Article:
What Are Some Components That Make A Strong And Effective Trust?
When a lawyer creates a trust, they have an obligation to consider the worst situations that could happen and create contingency plans. What if the client dies while their child is a minor? What if their child is an adult but doesn’t have full capacity due to some type of disability? The lawyer should attempt to address those kinds of contingencies.
It’s also important to choose the right trustee for the trust. If you die or become incapacitated, who could you pass this football to (if you will) to move it down the field?
There are other important questions to ask during the planning stage. What assets do I have to put into this trust? Will those assets be around in five, 15, or 20 years? Do I have more than what I am thinking about?
It’s important to do some research and ask questions. I would now refer you to my website to look at some frequently asked questions regarding wills and other things that you should look at to make sure that you are creating a proper document that will cover you in the future for whatever the situation may be.
Do I Lose Control Over My Assets If I Put Them Into A Trust?
No, you don’t lose control over your assets. In a revocable trust, you always have control and can make changes any time you want; you can reword it so that only you have the asset or you can put something into the name of the trust. In an irrevocable trust, you also don’t lose control of the assets, but you do lose control over disposition of the assets in the event that you want to change it (in which case, you’d have to go to court). With both types of trusts, you never lose control over how you manage those assets during the course of your life.
Can I Change The Terms Of My Trust?
For a revocable trust, yes, you can make changes regarding anything and everything. You can only make minor changes for an irrevocable trust, so you would not be able to make a substantial change regarding, for example, the beneficiaries.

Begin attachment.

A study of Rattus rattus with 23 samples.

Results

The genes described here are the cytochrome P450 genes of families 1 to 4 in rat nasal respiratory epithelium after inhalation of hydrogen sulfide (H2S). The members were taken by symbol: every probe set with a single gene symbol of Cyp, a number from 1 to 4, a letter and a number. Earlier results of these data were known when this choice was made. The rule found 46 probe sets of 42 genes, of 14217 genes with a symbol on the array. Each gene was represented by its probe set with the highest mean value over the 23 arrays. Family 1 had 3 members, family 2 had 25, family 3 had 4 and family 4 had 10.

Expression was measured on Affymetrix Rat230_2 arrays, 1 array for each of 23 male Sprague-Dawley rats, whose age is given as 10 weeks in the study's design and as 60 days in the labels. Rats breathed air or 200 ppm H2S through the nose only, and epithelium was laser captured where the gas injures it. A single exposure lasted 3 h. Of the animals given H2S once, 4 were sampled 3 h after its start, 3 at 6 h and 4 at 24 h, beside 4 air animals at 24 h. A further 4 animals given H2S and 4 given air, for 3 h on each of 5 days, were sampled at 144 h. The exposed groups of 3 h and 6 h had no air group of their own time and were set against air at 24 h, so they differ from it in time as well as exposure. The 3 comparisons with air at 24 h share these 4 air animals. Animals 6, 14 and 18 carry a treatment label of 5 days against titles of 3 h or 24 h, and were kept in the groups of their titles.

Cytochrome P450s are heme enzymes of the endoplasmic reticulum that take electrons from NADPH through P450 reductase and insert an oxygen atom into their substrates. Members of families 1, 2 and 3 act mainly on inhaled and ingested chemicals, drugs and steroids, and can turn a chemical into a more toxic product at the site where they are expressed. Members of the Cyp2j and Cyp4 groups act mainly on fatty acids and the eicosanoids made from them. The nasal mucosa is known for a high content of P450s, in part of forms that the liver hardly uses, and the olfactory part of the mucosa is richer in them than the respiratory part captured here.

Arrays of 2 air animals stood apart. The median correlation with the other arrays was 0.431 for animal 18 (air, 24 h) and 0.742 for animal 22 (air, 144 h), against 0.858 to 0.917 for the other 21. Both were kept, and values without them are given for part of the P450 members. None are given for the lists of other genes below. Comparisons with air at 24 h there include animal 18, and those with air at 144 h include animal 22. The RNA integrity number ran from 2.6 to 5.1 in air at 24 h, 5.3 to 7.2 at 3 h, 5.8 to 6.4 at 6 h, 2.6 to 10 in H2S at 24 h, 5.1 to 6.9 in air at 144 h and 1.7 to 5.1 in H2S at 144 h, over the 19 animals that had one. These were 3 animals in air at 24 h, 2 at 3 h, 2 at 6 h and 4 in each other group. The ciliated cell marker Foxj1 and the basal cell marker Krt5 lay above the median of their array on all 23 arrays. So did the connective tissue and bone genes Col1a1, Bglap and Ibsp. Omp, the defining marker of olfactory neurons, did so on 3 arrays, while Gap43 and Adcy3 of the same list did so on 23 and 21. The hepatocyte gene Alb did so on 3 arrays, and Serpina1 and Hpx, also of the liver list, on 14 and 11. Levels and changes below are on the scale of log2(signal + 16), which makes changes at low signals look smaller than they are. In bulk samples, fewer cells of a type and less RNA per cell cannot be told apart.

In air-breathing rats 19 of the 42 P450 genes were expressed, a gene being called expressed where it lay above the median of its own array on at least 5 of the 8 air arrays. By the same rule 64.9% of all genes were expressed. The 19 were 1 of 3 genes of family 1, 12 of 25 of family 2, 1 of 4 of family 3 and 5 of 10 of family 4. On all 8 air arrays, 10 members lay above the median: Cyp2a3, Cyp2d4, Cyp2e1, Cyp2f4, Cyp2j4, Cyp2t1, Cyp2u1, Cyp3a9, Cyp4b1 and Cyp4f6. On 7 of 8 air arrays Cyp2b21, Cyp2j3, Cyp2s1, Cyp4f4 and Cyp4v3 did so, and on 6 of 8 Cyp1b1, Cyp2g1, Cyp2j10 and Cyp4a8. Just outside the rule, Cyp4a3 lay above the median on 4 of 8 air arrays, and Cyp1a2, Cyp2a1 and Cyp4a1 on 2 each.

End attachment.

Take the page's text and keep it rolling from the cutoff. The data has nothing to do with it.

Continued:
Are Assets Held In A Trust Going To Be Protected From Creditors?
The answer is no for a revocable trust and yes for an irrevocable trust. If a person controls the assets, then basically that trust is potentially attackable. Creditors are getting smarter now, and lawyers use that fact as a selling tool for creating trusts, which I think is a bit misleading. A trust that’s revocable means that you or the settlor has control over those assets, and the IRS uses the term control to determine whether or not creditors can attack something. The courts have adopted a similar mindset.
An irrevocable trust is protected from creditors unless they can show that the settlor or the creator has somehow been handling the assets or making changes. The creditor has got to show more than they would for a revocable trust to pierce the protective veil of the trust.
Is A Will Just As Good As A Trust? Should I Have Both?
A lot of people misconstrue wills with trusts. A will is not as good as a trust. A will only guarantees that you will go into probate court, which you want to avoid. Probate is death for your assets, as well as time-consuming and stressful for the people you leave behind. A will is only determined by the judge, and basically, the judge is in probate court. So, you don’t want to have that.
We do have what is called a pour-over will, which is a will that’s created to transfer assets into the living trust as if you’d done it during your lifetime. We don’t normally think about things that we don’t have. For example, you play the lottery, and the day you win the lottery, you die. You didn’t plan for that. If you have a pour-over will, those winnings actually pour-over into the living trust, which avoids the probate process.
A will can also create issues in terms of heirs and who gets what, and you don’t want to have those kinds of fights. A trust is created during your lifetime for the benefit of someone, and therefore, the courts treat it as if you’ve done this and it’s not created upon death, meaning they have no jurisdiction over a trust. A trust is private, and it goes where you want it to go without court action on it.
For more information on Components of a Strong and Effective Trust, a free consultation is your next best step. Get the information and legal answers you are seeking by calling (314) 786-3536 today.